Many years ago I found myself in search of the proper title for my position. Job titles were not a big thing at my employer, but we had a business reason to devise one for me. A preferred provider agreement needed a key organizational contact and “Tom” was not going to cut it.
I thought about the daily tasks I seemed to be responsible for. I sold things. I defined operational processes. I tried to herd salespeople. The warehouse supervisor reported to me. What am I? I could not find a parallel in other companies like ours. Everyone was either “Sales” or “Operations”.
I became Director of Sales and Operations and for the next ten years or so I regularly had to explain that title to outsiders, who had never heard of such a thing in our industry.
“How can you be both?” they asked.
I soon came to realize that the right question was, “Why haven’t we thought of this before?”
If I could make the rules about how Operations and Sales work together in the overall system, then wouldn’t the sales-ops rivalry be reduced or even eliminated?
So I redefined product codes that sales folks used to better match up with how operations executed. Then I redefined inventory codes to better reflect what salespeople were looking for. All processes, all resources, all meetings took on a common language.
Fast forward two decades (that hurt to write!) and I still observe businesses in the same industry fighting the sales-ops battle that wouldn’t exist if managers were just a bit more open-minded.
Hence, here are five things that Sales teams tell me about Ops that are tragically inaccurate.
They are disorganized
It may look that way. It is an organized chaos. The more reactive the operation, the more chaotic it will look. Operations’ goal is to have one process to follow that can be delivered efficiently and consistently. The perception of chaos is caused by fundamental difference in how the two teams process information. Sales is aspirational. Ops is practical.
To get the the two mindsets more in sync, change your internal language. Sales should say, “Deliver by 8:00am” instead of “Deliver at 8:00am.” Ops will respond with “We will deliver no later than 8:00am.” If work flow allows, they have the option to deliver earlier.
They forget what you tell them
My response to this is, they are not supposed to remember things. They are supposed to know. What they know is the information that was shared with them in the systems created for conveying project information. Verbal communication is always welcome, but it is not a substitute for documentation. The most valuable verbal communication between sales and ops is when sales answers ops questions about the upcoming project, which is hopefully only clarification of the information already provided.
“Put it in the system” Whatever your information sharing system is, it is sacred. Put the information there. Always. That doesn’t change the need for also communicating emergencies verbally – does it?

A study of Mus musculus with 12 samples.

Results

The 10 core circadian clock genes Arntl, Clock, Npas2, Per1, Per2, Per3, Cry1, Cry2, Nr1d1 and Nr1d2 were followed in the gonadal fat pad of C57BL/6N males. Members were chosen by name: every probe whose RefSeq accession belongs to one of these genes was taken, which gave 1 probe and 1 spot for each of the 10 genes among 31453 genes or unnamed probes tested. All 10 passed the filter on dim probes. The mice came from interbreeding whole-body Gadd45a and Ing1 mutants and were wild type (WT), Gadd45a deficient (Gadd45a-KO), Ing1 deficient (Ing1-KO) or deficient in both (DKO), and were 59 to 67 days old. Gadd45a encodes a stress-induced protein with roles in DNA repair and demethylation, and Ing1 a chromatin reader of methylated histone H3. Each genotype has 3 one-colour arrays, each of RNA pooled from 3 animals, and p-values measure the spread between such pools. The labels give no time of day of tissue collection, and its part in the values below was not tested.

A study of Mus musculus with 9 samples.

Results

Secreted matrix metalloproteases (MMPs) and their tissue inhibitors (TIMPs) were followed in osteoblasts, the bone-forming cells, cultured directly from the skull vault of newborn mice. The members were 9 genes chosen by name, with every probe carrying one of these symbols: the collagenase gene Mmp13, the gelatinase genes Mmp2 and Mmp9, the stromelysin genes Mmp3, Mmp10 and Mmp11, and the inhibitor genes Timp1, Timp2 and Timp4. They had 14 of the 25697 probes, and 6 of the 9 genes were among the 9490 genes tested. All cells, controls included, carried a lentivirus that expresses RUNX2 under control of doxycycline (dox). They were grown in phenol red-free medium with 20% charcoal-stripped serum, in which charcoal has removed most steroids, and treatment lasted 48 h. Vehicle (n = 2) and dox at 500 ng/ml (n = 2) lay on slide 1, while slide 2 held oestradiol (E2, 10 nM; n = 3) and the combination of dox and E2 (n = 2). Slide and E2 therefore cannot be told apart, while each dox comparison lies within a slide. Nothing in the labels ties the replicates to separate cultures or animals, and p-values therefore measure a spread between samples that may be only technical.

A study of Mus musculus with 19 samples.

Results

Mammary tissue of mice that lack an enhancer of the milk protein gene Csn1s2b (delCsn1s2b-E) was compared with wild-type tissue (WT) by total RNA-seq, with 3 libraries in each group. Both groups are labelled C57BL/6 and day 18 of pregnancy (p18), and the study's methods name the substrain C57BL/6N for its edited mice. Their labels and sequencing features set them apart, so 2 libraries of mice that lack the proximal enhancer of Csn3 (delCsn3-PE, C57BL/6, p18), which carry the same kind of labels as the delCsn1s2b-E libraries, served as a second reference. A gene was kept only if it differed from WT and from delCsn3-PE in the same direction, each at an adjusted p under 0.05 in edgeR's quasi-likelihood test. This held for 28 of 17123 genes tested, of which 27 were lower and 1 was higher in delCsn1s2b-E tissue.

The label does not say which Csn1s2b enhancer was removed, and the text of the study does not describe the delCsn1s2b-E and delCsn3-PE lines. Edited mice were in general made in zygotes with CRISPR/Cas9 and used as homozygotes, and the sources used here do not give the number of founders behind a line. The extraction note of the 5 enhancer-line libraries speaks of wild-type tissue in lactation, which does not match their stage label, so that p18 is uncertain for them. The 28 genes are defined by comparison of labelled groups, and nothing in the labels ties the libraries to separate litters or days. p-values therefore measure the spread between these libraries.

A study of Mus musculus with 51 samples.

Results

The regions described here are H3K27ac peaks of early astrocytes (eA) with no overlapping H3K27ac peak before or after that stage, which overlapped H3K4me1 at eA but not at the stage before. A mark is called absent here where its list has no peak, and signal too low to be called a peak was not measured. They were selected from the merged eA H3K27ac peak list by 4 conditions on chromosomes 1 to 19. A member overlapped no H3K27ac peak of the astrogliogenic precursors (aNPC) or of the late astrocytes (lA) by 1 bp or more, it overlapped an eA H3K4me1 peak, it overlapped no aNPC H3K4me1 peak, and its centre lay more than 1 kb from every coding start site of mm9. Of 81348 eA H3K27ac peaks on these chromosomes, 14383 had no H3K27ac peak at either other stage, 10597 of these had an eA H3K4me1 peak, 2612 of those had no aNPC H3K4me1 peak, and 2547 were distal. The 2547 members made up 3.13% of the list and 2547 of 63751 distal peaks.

They play favorites
This myth is part of the problem. Stop trying to be a favorite. Business is a team sport. A good ops manager will make every salesperson feel like a valued internal client. Sales folks might want to act like Ops is a precious internal supplier. Mutual respect will go a long way.
If you are trying to move to the head of the line, then you are admitting you shouldn’t be there. Let the system do its job. Let urgency be self-evident.
They start prep too soon/late
I will agree with you here, but the timing issues sales sees in operational execution is directly correlated to how well the sales pipeline is defined and predicted. A reliable forecast allows better planning, which may mean that your project CAN be prepped at the last minute. Poor forecasting may force a pre-mature demand for information, but it can just as easily lead to an order prep happening too late. The moving parts of operations are challenging enough to coordinate without having to guess at upcoming demand.
Just because Ops chooses to prep an order before the client has finished changing their mind doesn’t mean you can’t still change things. Heck, it has never stopped you before. Ops knows the risk of early or late prep.
They create their own problems
It may look that way when you spring a surprise on them that you don’t feel should come as a surprise. The biggest problem Ops has is that every salesperson they work with has their own process for managing information and their own style of communicating. It should be no surprise to anyone in sales that having multiple “clients” with different styles can be challenging. In Sales, you expect that. The role of the salesperson is to interpret the disparate customer requests into Operations’ language.
Let’s recall my leadership tenet: “Sales’ job is to sell what Operations can support. Operations’ job is to support whatever sales sells.” There is always room for improvement on both sides, but the idea that there are “sides” is what is at issue here.